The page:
Mictacea: Species

J.K. Lowry & M. Yerman

Division of Invertebrate Zoology
Australian Museum
6 College Street, Sydney, NSW 2010, Australia
Phone: 612 9320 6260
Fax: 612 9320 6050
jimlowry@crustacea.net
michelleyerman@crustacea.net

Introduction

The most recent order of crustaceans, Mictacea, was revealed in 1985 by Sanders, Hessler & Garner (1985) and Bowman & Iliffe (1985). The presense of oostegites placed them in the Peracarida. Mictaceans were further characterised by a number of the characters which included fusion of the head with the first thoracic segment or pereonite; eyes, when present, stalked; pereopods 1-5 or 2-6 with epipods and without branchiae; male pleopod 2 modified; uropodal rami multisegmented;  presence of a manca larva.

Hirsutia bathyalis Saunders, Hessler & Garner, 1985 was orginally described from bathyal depths in the western Atlantic Ocean off Suriname and placed in the family Hursutiidae. Mictocaris haplope Bowman & Iliffe, 1985 was described from an anchialine cave in Bermuda, also in the western North Atlantic and placed in the Mictocarididae. Soon after Just & Poore (1988) described a second species of Hirsutia (H. saundersetalia Just & Poore, 1988) from bathyal depths off south-eastern Australia in the western South Pacific Ocean.

Recently Gutu & Iliffe, 1998 described a second genus, Thetispelecaris, in the Hursutiidae for an anchialine and submarine cave species (T. remex Gutu & Iliffe, 1998) living in the Bahamas. Ohtsuku, Hanamura & Kase (2002) then described T. yurigako from a shallow-water submarine cave in the Grand Cayman Island, Caribbean Sea.

Gutu & Iliffe (1998) proposed a new order, Bochusacea, for the Hursutiidae. Gutu (1998) proposed an additional order, Cosinzeneacea, to include the suborders Mictacea and Spelaeogriphacea.

The main reason for establishing the Bochusacea appears to be the homoloty of structures at the base of the legs of hursutiids which have been interpreted as temorary oostegites or as permanenet epipods (Gutu & Iliffe, 1998). For Gutu & Iliffe (1998) the Hursutiidae did not have classical female oostegites which temporarily form to hold eggs in place, but permenent epipodites used to hold eggs, and also possibly for respiration and current movements. There is also confusion over the number of thoracic segments fused to the head (Gutu, 2001, believes there are two) and whether there is one or two (Gutu, 2001) pairs of maxillipeds.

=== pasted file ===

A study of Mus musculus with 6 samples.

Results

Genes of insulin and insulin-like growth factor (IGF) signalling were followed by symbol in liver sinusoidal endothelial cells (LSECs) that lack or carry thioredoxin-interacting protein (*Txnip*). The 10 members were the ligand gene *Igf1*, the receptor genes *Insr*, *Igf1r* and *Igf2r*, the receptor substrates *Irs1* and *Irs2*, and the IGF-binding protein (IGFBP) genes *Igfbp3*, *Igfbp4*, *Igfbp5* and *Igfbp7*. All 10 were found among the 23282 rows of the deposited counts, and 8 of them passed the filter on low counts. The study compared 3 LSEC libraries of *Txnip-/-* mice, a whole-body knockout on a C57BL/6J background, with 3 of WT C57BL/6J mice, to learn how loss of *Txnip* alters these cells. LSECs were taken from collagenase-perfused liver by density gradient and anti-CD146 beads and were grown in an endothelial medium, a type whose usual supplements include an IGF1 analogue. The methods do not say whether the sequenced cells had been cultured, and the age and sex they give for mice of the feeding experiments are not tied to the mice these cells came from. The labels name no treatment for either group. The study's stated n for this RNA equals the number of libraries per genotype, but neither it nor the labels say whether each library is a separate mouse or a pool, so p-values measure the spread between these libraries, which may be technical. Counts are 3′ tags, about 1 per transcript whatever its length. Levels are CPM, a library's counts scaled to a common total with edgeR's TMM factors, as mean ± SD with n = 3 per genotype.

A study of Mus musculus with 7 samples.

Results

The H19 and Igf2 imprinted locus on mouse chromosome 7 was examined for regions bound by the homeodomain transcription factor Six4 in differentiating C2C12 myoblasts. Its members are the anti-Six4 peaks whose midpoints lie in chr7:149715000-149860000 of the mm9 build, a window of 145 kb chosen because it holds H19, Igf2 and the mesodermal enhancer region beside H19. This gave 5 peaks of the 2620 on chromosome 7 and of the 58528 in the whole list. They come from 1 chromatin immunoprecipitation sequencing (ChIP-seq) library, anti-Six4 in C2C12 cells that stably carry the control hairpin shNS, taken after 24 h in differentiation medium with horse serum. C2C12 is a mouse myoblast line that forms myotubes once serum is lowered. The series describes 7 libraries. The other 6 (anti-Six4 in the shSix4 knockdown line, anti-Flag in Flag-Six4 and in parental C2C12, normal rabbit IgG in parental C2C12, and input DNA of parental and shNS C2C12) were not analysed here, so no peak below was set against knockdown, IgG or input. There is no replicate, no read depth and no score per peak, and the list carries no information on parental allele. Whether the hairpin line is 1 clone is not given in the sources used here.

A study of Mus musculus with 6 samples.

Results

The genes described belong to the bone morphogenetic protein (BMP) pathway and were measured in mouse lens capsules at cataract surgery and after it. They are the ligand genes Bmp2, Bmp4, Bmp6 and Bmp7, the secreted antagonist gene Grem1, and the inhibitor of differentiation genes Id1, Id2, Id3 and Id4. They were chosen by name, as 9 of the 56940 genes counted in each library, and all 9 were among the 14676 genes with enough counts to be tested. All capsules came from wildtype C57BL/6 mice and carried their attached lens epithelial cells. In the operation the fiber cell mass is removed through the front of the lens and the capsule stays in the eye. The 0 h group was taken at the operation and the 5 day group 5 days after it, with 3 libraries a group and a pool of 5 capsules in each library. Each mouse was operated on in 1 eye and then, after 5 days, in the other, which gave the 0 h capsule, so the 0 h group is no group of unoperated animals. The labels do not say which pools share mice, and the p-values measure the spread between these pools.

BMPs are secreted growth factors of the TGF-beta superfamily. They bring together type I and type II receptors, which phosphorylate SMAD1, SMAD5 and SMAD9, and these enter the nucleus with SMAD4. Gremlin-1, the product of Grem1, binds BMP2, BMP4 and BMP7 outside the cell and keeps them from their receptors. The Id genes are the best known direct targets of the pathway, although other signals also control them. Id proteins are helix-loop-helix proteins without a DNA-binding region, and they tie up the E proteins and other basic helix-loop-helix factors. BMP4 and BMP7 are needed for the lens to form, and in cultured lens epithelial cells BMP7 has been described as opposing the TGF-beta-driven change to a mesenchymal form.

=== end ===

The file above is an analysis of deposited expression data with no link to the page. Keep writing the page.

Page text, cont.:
If these structures at the base of the legs are not homologous with peracaridan oostegites then the Bochusacea cannot be placed in the Peracarida.

Gutu (1998) suggested that the large number of similarities (28 characters) between Mictocarididae and the Spelaeogriphacidae indicated that the two groups should form a separate order which he called the Cosinzeneacea with two suborders, the Mictacea and the Spelaeogriphacea.

Considering the debates over the monophyly of the Peracarida (Watling, 1981, 1983) and the confusion over interpretations of morpholgy within the Hursutiidae, these realigments of Gutu & Iliffe (1998) and Gutu (1998; 2001) need a rigourous phylognetic analysis before they are accepted.

Monographs Monograph and Interactive Keys Interactive Key

Mictacea Species

Monograph Interactive Key

bathyalis, Hirsutia

Monograph Interactive Key (not available)

halope, Mictocaris

Monograph Interactive Key (not available)

saundersetalia, Hirsutia

Monograph Interactive Key (not available)

remex, Thetispelecaris

Monograph Interactive Key (not available)

yurigako, Thetispelecaris

Monograph Interactive Key (not available)

Cite this publication as: Lowry, J.K. & M. Yerman (2002 onwards). 'Mictacea: Species.' Version: 2 October 2002. http://crustacea.net/.